You have probably heard of James Patterson, the New York Times bestselling author. He is best-known for his crime novels, including the Alex Cross, Women’s Murder Club and Michael Bennett series, as well as a number of popular series for young adults, and holds The New York Times distinction of having the most hard-cover fiction titles ever sold by a single author. His very popular books become very popular movies; he is a regular and in-demand talk show guest. Time magazine called him “the man who can’t miss” and the AARP named him one of the 50 most influential people who make our days a little brighter.
You may have also heard Patterson will receive an honorary degree and speak at Montclair State University’s 2014 Commencement ceremony. What you may not know is that he is an extremely passionate and generous advocate for literacy education. And he has put his money where his heart is. Patterson has launched any number of initiatives meant to get and keep kids reading, from his website, ReadKiddoRead.com, to his regular donations of hundreds of thousands of books to schools all over the U.S.
Patterson believes that communities should use every avenue available to promote reading across the grade levels and meet kids where they are—that is, by finding material, whether it’s a Newberry Award-winning novel, or the Sports Illustrated Almanac, that engages a child’s imagination. “The best way to get kids reading more is to give them books they’ll gobble up — and that will make them ask for another,” Patterson wrote in a recent editorial.
The writer is so committed to this cause that he and his wife Susan have established a scholarship fund that nurtures the teachers of tomorrow. With more than $1 million in scholarship money in 2013 alone, the James Patterson Teacher Education Scholarships support up-and-coming teachers who will help give kids the necessary foundation for lifelong reading enjoyment. Montclair State is among the 20 universities that receive scholarship support from this fund.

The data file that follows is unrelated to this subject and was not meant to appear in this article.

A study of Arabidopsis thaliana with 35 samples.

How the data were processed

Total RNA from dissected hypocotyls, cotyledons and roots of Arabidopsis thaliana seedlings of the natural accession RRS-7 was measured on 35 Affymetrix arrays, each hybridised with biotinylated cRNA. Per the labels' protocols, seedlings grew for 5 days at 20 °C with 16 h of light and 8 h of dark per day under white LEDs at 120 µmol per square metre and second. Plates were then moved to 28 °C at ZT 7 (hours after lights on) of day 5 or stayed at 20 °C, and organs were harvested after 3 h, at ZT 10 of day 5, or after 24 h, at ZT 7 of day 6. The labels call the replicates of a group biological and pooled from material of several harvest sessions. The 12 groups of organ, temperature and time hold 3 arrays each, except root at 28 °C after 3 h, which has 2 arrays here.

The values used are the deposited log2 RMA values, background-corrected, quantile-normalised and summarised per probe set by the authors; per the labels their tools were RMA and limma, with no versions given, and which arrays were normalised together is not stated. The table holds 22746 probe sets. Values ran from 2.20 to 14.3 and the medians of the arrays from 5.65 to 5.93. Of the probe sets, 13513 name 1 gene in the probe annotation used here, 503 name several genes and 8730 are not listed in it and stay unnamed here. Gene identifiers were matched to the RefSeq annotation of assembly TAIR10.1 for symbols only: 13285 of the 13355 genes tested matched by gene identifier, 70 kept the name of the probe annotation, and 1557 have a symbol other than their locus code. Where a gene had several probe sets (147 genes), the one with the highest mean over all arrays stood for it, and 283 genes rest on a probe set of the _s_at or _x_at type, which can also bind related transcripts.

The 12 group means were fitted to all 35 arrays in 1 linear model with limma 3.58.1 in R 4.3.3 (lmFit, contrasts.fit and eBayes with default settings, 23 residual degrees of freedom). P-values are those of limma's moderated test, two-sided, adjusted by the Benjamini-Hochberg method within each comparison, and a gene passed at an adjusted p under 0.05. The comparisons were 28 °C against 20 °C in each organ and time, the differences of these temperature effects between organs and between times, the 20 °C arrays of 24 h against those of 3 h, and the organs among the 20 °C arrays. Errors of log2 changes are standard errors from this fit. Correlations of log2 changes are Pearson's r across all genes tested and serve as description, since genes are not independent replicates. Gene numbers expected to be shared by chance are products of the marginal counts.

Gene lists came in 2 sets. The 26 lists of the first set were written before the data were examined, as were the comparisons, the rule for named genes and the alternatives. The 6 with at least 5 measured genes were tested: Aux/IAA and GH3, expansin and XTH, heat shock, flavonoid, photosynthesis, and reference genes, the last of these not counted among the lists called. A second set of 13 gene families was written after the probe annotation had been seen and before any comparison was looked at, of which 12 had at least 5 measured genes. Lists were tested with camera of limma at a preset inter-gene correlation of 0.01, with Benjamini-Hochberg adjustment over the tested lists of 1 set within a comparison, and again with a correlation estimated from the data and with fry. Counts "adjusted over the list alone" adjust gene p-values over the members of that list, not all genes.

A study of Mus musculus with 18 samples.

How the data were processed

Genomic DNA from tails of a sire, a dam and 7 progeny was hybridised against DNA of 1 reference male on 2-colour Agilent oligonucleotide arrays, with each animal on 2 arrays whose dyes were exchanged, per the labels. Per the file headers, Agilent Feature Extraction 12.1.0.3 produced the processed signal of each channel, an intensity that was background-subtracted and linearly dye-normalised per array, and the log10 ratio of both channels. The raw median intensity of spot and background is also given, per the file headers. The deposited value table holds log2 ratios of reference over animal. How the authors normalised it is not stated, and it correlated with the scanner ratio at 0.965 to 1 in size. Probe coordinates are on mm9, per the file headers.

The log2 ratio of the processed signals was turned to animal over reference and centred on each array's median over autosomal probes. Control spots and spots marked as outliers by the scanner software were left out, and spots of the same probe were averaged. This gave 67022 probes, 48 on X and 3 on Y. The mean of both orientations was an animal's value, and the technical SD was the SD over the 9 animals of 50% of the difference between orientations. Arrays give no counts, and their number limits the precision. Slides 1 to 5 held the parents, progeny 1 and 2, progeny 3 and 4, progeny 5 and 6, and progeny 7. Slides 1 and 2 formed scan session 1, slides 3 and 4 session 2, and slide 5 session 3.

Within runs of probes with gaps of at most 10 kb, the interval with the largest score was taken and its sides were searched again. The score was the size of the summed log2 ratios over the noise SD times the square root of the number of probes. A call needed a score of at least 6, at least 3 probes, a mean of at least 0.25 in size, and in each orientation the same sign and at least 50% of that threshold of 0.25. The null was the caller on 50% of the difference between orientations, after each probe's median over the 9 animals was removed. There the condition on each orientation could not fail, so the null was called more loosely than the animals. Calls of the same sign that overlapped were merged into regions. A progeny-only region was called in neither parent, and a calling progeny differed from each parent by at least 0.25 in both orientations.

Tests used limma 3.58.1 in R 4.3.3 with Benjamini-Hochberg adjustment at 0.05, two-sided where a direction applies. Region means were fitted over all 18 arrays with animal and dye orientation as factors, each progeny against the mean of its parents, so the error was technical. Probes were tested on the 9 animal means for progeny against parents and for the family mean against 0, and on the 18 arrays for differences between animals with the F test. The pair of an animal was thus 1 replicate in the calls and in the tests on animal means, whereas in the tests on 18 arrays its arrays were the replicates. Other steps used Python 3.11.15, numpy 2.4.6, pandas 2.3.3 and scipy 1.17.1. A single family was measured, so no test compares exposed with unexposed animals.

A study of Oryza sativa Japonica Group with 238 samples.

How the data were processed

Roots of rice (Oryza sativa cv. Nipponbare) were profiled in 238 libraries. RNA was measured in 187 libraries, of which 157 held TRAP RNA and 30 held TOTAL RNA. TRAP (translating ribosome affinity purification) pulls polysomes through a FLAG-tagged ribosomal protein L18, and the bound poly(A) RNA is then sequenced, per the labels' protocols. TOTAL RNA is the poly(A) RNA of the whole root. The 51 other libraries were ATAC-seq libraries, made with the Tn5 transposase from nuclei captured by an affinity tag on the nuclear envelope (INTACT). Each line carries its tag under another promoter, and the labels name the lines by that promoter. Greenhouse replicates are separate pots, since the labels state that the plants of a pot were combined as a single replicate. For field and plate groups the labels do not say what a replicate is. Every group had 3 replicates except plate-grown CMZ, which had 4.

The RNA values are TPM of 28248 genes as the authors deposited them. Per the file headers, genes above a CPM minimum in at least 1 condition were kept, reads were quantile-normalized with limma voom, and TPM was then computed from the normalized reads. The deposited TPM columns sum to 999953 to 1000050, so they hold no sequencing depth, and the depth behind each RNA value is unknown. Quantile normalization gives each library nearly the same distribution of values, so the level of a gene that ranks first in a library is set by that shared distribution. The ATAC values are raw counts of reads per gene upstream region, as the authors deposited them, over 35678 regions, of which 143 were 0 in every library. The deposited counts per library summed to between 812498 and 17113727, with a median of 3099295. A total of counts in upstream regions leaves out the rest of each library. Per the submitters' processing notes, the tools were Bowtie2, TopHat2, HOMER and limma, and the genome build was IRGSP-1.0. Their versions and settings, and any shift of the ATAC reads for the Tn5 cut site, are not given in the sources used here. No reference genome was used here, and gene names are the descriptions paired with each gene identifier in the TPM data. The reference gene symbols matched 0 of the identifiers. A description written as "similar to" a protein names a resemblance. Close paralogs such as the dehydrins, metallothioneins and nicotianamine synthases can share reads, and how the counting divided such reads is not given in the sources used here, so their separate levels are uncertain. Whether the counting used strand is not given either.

At Montclair State, 16 students have received the scholarships. The recipients were selected by the dean of the College of Education and Human Services, in consultation with members of the faculty, from among the most qualified of the 700 Montclair State students who were admitted to the Teacher Education program this year. They are an impressive group of smart, ambitious young adults who will make inspiring teachers and who will instill in their future students the same love of learning that they themselves demonstrate.
Katherin Pereira, a scholarship recipient who is pursing her Master of Arts in Teaching Elementary Education and Students with Disabilities, says that she was inspired by her high school English teachers and hopes to pay that inspiration forward.
“As an English teacher, I would like to shape my students’ views on literacy” she says. “I want them to understand the importance of being literate and motivate them to always read and write. I would hope to make literature interesting and as relevant to their individual life experiences as I possibly can. In the process, I want my students to develop critical thinking skills that will be useful throughout their lives.”